Fruit Growers Seek Sensible Commitments From Political Parties

Fruit Growers Tasmania | Wednesday, 4 May 2022, 3.00pm

Fruit Growers Tasmania has released the election commitments it has sought from the parties contesting the Federal Election.

“We wrote to all Tasmanian sitting members and senators, as well as the Federal Minister for Agriculture on 19 April”, Fruit Growers Tasmania CEO Peter Cornish said.

“We are fortunate that we have the Shadow Minister for Agriculture Julie Collins in Tasmania.  We appreciate the ALP’s and Julie’s support for one of our key requests – the $60 million upgrading of Hobart Airport”, Mr Cornish said.

“This upgrade would provide the certainty for fruit producers from all parts of Tasmania to invest and pursue export markets”, Mr Cornish said

“We are looking forward to the Liberal-National Coalition’s support for this project.  Direct flight capacity from Hobart airport to international markets is essential for northern Tasmanian berry growers to establish new export markets”, Mr Cornish said.

Fruit Growers Tasmania is also seeking a commitment to continued export funding support.

“Over the last 3 years with the support of both the Australian and Tasmanian Governments we have been able to support exporters to continue to supply international customers when under great pressure from the COVID-19 pandemic.  As our industry continues to grow, more work is required to support our world class fruit producers to establish new markets, particularly in berries”, Mr Cornish said. 

Fruit Growers Tasmania is also seeking a commitment to extend the Tasmanian Freight Equalisation Scheme southbound assistance arrangements so that empty wooden apple bins become eligible for assistance, in line with other inputs to production.

“Tasmanian apple growers are at a significant cost disadvantage to their mainland counterparts when supplying key national apple packhouses in Victoria.  A simple change to southbound TFES assistance would provide a more level playing field for Tasmanian apple growers at a time when they are facing significant difficulties”, Mr Cornish said.

Fruit Growers Tasmania is also seeking commitments from political parties to:

  • provide $300,000 to establish an Australian Cherry Improvement Program in Tasmania to boost varietal advancement and new plant availability;
  • amend legislation to allow Tasmanian bumblebees to be used for commercial pollination;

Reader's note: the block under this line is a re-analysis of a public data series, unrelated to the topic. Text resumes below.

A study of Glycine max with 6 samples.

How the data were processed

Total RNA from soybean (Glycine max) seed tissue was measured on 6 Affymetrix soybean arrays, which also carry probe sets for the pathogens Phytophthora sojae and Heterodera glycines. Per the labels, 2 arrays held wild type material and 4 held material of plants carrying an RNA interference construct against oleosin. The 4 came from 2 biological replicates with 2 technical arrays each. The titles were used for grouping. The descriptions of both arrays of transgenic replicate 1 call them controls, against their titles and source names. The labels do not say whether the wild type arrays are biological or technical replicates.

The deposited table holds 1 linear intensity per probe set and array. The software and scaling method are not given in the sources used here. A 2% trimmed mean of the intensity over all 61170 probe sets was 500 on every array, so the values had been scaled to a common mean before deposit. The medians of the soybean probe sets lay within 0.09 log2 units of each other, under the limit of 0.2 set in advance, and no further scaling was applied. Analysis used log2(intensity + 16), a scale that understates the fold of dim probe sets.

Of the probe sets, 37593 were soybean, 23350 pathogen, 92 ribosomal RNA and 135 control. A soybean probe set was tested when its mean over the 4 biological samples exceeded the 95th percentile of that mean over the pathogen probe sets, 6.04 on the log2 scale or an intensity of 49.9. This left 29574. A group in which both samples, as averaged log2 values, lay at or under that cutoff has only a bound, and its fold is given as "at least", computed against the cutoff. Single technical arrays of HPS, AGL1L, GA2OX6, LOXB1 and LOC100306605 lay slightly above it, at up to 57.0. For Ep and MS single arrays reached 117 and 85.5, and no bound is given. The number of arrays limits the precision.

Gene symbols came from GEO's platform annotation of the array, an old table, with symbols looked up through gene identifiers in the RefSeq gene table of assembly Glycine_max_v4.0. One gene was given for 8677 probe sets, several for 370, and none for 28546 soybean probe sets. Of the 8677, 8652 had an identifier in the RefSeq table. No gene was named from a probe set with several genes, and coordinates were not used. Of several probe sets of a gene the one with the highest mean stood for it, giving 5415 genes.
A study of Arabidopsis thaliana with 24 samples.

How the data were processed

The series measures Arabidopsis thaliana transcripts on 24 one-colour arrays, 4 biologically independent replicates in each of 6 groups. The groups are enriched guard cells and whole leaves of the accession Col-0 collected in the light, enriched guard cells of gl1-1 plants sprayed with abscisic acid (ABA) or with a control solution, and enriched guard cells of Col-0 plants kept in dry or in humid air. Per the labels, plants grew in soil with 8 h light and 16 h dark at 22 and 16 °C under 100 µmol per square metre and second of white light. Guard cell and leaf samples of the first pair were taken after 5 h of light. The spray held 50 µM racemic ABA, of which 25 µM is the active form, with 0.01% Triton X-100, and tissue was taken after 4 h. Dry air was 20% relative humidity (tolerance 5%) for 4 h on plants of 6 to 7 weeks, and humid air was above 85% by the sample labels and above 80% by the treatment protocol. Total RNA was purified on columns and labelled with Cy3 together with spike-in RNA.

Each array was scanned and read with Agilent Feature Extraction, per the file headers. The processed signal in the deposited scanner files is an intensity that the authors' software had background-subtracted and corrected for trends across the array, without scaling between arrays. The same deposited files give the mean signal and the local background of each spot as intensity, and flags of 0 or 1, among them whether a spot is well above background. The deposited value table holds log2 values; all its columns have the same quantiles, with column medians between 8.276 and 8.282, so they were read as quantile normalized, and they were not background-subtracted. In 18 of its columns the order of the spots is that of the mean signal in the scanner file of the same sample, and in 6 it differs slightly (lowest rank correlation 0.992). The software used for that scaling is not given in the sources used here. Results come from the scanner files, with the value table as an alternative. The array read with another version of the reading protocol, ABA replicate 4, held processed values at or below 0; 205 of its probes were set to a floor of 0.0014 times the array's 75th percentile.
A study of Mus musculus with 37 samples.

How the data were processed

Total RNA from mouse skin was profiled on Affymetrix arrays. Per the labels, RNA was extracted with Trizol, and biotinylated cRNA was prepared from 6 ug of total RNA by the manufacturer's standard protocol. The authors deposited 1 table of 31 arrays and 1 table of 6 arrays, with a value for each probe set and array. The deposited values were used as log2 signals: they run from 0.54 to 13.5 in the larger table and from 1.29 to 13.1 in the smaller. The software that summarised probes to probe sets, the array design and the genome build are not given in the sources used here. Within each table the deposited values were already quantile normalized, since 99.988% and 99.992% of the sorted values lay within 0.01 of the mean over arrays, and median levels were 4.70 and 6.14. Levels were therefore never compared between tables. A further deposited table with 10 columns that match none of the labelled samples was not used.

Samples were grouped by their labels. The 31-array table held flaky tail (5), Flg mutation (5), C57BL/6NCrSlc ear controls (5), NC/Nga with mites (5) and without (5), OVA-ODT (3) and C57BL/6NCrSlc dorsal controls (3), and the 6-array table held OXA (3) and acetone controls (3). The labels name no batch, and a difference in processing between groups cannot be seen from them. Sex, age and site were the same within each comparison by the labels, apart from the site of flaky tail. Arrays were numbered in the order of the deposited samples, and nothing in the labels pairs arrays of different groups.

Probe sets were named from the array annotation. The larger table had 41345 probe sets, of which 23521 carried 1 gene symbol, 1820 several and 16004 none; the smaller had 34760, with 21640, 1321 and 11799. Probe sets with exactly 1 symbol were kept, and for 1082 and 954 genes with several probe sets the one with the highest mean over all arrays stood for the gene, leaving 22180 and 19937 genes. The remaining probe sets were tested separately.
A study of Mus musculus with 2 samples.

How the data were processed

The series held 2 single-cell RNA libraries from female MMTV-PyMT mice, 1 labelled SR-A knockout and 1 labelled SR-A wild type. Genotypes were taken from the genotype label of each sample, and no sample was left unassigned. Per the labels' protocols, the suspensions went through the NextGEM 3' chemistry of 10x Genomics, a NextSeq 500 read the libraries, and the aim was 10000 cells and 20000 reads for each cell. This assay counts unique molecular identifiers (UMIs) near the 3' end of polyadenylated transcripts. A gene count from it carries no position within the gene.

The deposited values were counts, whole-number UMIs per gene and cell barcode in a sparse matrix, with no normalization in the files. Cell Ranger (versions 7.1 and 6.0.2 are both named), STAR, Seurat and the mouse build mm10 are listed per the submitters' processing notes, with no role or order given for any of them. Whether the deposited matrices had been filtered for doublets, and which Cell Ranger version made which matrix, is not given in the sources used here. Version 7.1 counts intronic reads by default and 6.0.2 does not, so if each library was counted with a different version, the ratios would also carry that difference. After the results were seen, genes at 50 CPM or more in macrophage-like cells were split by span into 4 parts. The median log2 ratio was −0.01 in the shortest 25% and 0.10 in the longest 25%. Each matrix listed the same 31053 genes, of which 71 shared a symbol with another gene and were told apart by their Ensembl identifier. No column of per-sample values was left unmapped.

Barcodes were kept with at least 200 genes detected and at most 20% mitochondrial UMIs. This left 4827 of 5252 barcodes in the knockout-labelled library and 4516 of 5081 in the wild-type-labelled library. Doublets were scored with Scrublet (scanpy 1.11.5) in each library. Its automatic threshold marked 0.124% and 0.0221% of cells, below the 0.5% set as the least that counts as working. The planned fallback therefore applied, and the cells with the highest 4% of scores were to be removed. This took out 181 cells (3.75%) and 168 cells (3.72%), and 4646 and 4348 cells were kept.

• provide $2.6 million to develop a Temperate Fruit Industry Improvement Centre in the Huon Valley; and
  • provide $10 million for Tasmanian growers under the Horticultural Netting Program Trial to make up for the shortfall in funding to date.

“Tasmania exported more than 60% of the nation’s cherries this season, grows apples that store better than anywhere in the country, and is Australia’s largest producer of raspberries and blackberries.  These investments by a new Federal Government will support the Tasmanian fruit industry to continue to be the fastest growing of the state’s major agricultural sectors, leading to more investment, exports and jobs”, Mr Cornish said.

Fruit Growers has also sought commitments that would support investment in worker accommodation both on farm and in regional and remote areas; capital expenditure on crop protection structures, netting and covers; and the re-introduction of support for business investment through temporary full expensing, increased instant asset write-off and accelerated depreciation to recognise the higher risks the sector faces.

Fruit Growers has also sought the introduction of an Income Bank for job seekers, as is the case for those on Youth Allowance, to encourage job seekers to participate in seasonal work.

“Our growers want to invest but the risks are high and the system does not recognise this.  Our growers also want to give opportunities to more locals to work in our industry, but again the JobSeeker arrangements discourage this rather than encourage it.  These sensible changes would see more investment, more growth and more jobs”, Mr Cornish said.

“It is time for all parties to make clear their policies that will affect the future of agriculture in Tasmania and across the country”.